Tuesday, February 03, 2009

To Agent or Not to Agent, That is the Question

Question of the day: Do you think having an agent is critical in getting your book published? Does it make you more legitimate?

Ooooh, I want to handle this one with kid gloves. :) But, the quick and dirty answer to both of your questions is yes. And yes.

I'm pretty sure that I've talked about this before, but an agent, or at least a GOOD agent, goes way beyond just introducing your material to the right editors. A good agent helps guide the overall arc of your entire career, and at least for me, this is invaluable. Furthermore, a good agent helps you vet your contracts (look, when you're signing your life away, you want to know what the fine print reads), helps you negotiate said contracts, and often finds ways to garner your more buckaroos than you would on your own.

As to your second question, well, this is where it can get a little tricky because I know that there are plenty of talented unrepresented writers out there, and I'm certainly not looking down on any of them. But the bottom line is that, like it or not, landing an agent is sort of like competing in the Olympic Trials...it's a gate-keeping process that attempts to ensure (though it doesn't always) that the cream is rising to the top. (Wow, that's a bunch of analogies - sorry!) While not all good writers will get agents and certainly, some crappy ones will, for the most part, most writers who land agents have some sliver of saleability. I know that it's not necessarily what you want to hear. But I've always promised to be honest with you guys about the industry, and that's the truth. Having an agent helps prep you for the big leagues, and without one, it is very, very tough to make it there. Why? Because again, editors use agents as filters: they assume that if a writer has landed an agent whom they (the editors) respect, that chances are, they might like the submitted ms. And why wouldn't they? It's more efficient, and certainly, the system works.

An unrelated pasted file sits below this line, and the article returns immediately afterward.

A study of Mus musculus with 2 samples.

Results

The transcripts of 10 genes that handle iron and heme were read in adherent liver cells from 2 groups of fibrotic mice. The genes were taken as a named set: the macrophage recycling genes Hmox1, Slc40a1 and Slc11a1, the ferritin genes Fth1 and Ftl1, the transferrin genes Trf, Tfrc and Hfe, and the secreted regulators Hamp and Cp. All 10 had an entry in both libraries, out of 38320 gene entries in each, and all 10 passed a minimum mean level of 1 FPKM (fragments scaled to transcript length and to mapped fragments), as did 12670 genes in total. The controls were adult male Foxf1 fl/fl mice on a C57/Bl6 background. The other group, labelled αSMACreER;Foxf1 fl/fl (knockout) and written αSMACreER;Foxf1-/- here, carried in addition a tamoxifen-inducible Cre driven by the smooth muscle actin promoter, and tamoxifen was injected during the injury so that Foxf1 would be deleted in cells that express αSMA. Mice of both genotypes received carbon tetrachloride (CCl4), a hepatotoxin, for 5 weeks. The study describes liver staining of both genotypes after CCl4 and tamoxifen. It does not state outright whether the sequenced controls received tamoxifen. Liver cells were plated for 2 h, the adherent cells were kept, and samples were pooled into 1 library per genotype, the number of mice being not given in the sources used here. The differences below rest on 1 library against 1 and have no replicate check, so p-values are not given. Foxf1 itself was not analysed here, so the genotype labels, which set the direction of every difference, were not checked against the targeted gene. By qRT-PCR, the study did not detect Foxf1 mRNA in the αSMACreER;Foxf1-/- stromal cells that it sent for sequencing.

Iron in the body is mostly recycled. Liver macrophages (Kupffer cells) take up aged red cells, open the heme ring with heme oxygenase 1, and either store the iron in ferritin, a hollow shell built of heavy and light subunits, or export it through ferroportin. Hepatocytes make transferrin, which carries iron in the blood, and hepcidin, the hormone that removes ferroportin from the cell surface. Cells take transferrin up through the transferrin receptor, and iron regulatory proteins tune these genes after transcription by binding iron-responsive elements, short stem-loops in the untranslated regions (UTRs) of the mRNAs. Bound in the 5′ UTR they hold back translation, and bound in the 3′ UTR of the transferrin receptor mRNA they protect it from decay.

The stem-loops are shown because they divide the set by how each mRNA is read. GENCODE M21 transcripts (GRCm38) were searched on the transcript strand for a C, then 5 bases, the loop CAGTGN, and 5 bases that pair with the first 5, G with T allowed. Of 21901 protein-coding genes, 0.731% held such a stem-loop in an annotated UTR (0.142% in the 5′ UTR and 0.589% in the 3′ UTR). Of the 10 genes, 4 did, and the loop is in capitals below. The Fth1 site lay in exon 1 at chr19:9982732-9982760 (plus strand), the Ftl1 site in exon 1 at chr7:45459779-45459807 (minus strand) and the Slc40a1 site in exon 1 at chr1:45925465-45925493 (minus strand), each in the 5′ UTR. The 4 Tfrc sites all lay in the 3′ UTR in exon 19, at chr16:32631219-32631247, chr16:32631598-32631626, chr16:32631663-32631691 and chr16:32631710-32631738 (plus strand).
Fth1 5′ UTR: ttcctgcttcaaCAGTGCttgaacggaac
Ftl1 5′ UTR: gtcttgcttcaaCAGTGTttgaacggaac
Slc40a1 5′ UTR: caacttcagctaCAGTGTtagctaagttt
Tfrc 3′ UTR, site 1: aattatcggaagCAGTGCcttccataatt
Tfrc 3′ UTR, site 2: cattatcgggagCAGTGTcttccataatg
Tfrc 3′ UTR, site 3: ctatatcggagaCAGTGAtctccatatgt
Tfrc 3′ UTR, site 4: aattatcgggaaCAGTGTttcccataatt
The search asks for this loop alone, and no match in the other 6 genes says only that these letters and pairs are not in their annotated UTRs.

Look, getting an agent isn't easy. It's not supposed to be though. We all go through the same process: I landed mine via a blind query. So did lots of other great published writers I know. So you have to get out there and do it because honestly, without an agent, I don't think you can ascend the ranks of the industry.

I'd love to hear how you guys out there landed your agents, and if you think they're a critical part of this process.

7 comments:

Jael said...

Most houses only accept represented manuscripts. If you want to be published by any of these houses, you need an agent. The road goes through Agentville. Having an agent doesn't make you "more legitimate" but it does provide access to the most legitimate publishers out there. Why wouldn't you want that for yourself?

Trish Ryan said...

Finding the right agent is so worth the effort. In a way, it's like finding love...when you don't have it, it seems like it might never happen. But when you find each other, you're so glad you didn't settle for someone else!

Having someone to represent you, guide your career, and fight for your best interests is key in this business.

LJCohen said...

I'm a brand-spanking-newly-agented writer. I can't speak to the career building aspects, since I've only had an agent for 2 weeks. (LOL)

But I can say, that having an agent has changed my sense of the writing process utterly. The stakes are definitely higher in that I'm no longer writing only for myself and I have deadlines. But on the flip side, I am also much more relaxed about my writing since I no longer have to spend psychic energy trying to convince someone to read my work.

Brenda Janowitz said...

I found my agent through a blind query, and I have to say, she is the greatest thing since sliced bread! Allison, I agree with you that having a good agent will help you to shape your entire writing career. My agent and I always have chats about where I want to go with my writing and she's always open and honest with me. Without her, I'd still be flailing about, working on three books at once, never finishing anything.

Beth Dunn said...

I hear you but if you can't get one I say self publish. Most likely if you are a new writer you are going to be marketing it yourself anyway so just go for it. Then all the money is yours and you shape your own career. I've gotten tons of press, have legit sponsors with big names doing book signing for me and I self published my novel, Social Climbers. It takes courage because everything is on me but I'm motivated to see it to the top.

Suzanne said...

I'm still querying / hoping to get an agent one day...but I have to agree, getting the right agent has to be an essential first step, since they will be guiding your career in many respects.

htownjenny said...

Does anyone who has found an agent credit blogging as part of the way they got representation? I am just starting to consider that avenue myself.